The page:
The Election Commission courted avoidable controversy during the Gujarat polls for its failure to implement Model Code of Conduct effectively inviting charges (from the Congress and Aam Aadmi Party) of it being biased towards the BJP. Between April and December, key states like Karnataka, Madhya Pradesh and Rajasthan will vote and it will be in the interest of constitutional democracy that the Commission lives up to its reputation of an internationally acclaimed independent election body and avoid Gujarat type slip-ups. A big challenge before the Commission today is the phenomenal growth of social media and its inability to monitor contents so as to ensure level playing field to all. Social media has become so powerful that it can emasculate model code and subvert fair poll. There is no denying the fact that the Commission lacks teeth to effectively foil attempts by ruling parties to manipulate the poll process or to regulate social media during the pendency of model code.
There are also allegations that the Commission has not been asserting the authority it has effectively. Though the MCC, a set of guidelines to ensure free and fair poll, does not have any statutory basis, the EC has the power to disqualify a candidate who breaches the model code. The MCC, inter alia, bars a candidate from displaying to the public any election matter by means of television or other similar apparatus 48 hours before the voting.
The MCC has been a source of constant friction between the EC and political parties. The social media and the 24×7 television news channels have made the EC job even tougher. Last year, the Commission had taken initiative to draft a social media policy to enable it to monitor content that violates the code and to check the misuse of the platform for surrogate publicity. Apparently, it made no headway. Recently, it set up a 14-member committee to suggest changes to Section 126 of the RP Act which prohibits campaign in the last 48 hours leading to voting.
The Commission was caught on the wrong foot during the Gujarat polls as it failed to crack the whip against politicians and electronic media that transgressed the code. Congress president-elect Rahul Gandhi gave interviews to two local television channels on the eve of the second phase of polling, before the end of the stipulated 48 hours prohibitory period. The BJP promptly complained to the EC which show-caused Gandhi and filed FIRs against the channels for airing his interview. The Congress retaliated and lodged a complaint against Prime Minister Narendra Modi for holding a road-show in Ranip, Ahmedabad, after casting his ballot violating the code. The Congress kicked up a row terming the Commission a “captive puppet” of the BJP for not acting against the PM. The EC, which was caught in a cleft stick, wriggled out of the situation by winking at the MCC breach by both. Railway minister Piyush Goyal and BJP president Amit Shah also reportedly violated the code by their interaction with electronic media before the election. They also went scot free.
The EC subsequently withdrew its notice to Rahul. It means the Commission erred in serving the Gandhi scion with a show-cause notice. An uncharitable view is that notice to Gandhi was withdrawn to save the PM from embarrassment. During Punjab-Goa elections, an FIR was filed against AAP chief Arvind Kejriwal for his appeal to voters – “take money from them (BJP) but vote for your future”. Soon, the AAP filed a counter complaint against senior BJP leader Manohar Parikkar for making comments that allegedly violated the code. The result: both were let off.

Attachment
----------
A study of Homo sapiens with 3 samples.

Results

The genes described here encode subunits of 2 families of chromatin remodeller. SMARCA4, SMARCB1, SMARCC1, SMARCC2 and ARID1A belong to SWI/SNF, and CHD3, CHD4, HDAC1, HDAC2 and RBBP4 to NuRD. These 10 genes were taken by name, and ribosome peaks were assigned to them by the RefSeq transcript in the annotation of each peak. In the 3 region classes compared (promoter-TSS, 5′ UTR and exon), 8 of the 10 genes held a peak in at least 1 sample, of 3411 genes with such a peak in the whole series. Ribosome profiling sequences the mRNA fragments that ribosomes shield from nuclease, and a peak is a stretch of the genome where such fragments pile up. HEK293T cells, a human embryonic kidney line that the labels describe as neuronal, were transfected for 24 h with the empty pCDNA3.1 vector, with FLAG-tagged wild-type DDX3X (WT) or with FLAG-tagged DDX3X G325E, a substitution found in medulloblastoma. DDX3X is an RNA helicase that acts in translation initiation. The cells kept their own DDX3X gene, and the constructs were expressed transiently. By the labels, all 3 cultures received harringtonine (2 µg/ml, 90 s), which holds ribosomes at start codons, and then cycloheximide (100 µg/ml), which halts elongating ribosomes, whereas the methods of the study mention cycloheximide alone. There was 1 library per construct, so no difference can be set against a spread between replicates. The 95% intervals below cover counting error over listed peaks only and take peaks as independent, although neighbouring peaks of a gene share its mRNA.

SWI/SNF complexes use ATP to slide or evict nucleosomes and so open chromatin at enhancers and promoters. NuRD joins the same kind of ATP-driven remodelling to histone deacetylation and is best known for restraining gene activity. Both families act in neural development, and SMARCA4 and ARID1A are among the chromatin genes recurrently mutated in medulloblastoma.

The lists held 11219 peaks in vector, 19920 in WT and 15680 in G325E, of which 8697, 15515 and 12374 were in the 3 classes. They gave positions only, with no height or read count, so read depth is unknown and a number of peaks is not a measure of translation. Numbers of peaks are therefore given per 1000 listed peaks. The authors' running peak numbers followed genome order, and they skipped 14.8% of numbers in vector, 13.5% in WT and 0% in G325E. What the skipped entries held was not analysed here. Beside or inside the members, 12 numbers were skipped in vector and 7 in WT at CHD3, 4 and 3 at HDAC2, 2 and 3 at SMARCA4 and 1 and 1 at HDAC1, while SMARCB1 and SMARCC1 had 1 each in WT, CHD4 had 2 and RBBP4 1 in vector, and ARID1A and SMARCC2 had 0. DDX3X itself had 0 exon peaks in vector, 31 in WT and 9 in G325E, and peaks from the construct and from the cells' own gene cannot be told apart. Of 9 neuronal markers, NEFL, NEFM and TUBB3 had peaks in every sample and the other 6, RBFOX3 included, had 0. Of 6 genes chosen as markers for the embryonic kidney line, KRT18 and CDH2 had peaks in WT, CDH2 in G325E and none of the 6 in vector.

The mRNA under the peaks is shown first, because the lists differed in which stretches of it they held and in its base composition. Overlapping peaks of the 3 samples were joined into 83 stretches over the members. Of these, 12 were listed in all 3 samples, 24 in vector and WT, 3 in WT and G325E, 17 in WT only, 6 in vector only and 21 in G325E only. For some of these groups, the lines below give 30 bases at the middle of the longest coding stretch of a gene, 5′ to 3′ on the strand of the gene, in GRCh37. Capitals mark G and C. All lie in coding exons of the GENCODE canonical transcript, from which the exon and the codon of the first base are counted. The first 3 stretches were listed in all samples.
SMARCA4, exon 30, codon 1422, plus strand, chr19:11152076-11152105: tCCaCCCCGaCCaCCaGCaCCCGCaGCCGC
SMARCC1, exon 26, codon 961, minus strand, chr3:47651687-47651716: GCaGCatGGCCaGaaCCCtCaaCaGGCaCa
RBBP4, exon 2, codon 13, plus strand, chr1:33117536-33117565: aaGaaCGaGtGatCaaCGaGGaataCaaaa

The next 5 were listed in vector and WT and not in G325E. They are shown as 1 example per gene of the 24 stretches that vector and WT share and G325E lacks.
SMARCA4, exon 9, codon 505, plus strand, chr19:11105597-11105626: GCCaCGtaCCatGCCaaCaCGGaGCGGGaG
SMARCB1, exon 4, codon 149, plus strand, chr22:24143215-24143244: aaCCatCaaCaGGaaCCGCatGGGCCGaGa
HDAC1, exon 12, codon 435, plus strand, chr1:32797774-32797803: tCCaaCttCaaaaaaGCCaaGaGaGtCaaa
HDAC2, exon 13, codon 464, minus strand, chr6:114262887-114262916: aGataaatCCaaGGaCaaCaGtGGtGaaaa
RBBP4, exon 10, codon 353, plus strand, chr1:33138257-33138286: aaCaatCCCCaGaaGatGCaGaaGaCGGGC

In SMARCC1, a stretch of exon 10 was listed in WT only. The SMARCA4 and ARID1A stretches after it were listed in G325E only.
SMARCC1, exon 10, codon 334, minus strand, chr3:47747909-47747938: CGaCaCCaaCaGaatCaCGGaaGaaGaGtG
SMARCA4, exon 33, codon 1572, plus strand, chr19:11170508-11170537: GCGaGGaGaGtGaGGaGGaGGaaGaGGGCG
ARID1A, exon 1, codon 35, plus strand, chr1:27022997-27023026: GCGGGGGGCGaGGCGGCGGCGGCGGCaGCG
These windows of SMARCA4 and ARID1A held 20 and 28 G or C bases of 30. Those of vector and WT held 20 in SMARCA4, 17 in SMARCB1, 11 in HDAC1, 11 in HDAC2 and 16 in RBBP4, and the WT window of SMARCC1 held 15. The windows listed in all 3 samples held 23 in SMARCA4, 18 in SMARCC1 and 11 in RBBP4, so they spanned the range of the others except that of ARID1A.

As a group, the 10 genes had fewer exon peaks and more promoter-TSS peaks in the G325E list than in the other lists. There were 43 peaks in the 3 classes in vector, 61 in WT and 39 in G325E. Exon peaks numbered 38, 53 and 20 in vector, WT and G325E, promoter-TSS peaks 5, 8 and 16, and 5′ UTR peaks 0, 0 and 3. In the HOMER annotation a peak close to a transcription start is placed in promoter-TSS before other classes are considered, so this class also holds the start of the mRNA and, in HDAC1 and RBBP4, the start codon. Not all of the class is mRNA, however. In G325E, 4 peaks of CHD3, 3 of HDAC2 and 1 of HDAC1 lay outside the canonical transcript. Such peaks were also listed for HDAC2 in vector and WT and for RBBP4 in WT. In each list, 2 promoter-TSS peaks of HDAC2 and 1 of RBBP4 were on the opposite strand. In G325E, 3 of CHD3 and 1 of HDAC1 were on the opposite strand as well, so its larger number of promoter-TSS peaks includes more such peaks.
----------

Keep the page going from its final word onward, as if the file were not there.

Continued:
While withdrawing the notice to Rahul, the EC announced that the Commission is of the considered view that “due to multi-fold expansion of digital and electronic media, the extant Model Code of Conduct, Section 126 of the RP Act, 1951, and other related provisions require revisiting to cater to the requirement and challenges of the present and emerging situations.” The committee set up on January 8 is expected to revisit the issue. The panel will study the impact of social media during the “election silence” and its implication on the model code. Servers of some dubious news portals are located abroad (North Korea for instance) and taking action against violators take time.
According to last year’s IT industry projection, 242-odd million people in India use Facebook, 43 million use Instagram and over 30 million plus are on twitter. As of now, India has 463-odd million internet users of which roughly 444 million are mobile internet users. Attempts to regulate this constituency, enormous and growing by the day, may not be easy as questions of freedom of speech will inevitably be raised. The US do not practice “election silence” and in some other countries like Russia, Pakistan, Singapore, the prohibitory period is only 24 hours while in UK, Spain, Ukraine, Hungary, Poland, Philippines the ban starts from midnight on the day proceeding election day. Until recently “election blackout” was in vogue in Canada but it was since lifted following an outcry against abridgement of civil liberties.
In India, the impact of social media is greater in urban areas than rural hinterland and that explains why BJP has been doing well in cities and towns. In the recent Gujarat elections, the saffron party secured more votes in urban areas compared to rural constituencies that voted for change. The 48 hours silence period is mandated for giving the electorate time to reflect on events and pick the right candidate. With the mainstreaming of parallel media, there is hardly any silence, rather shrill, aggressive campaigns by private individuals, political parties, PR agents, proxies and bots bombard the senses of the electorate till the last vote is cast. It is time the EC put on its thinking cap and draw up effective strategies to regulate new age election campaign without curtailing free speech.
The author is an independent journalist.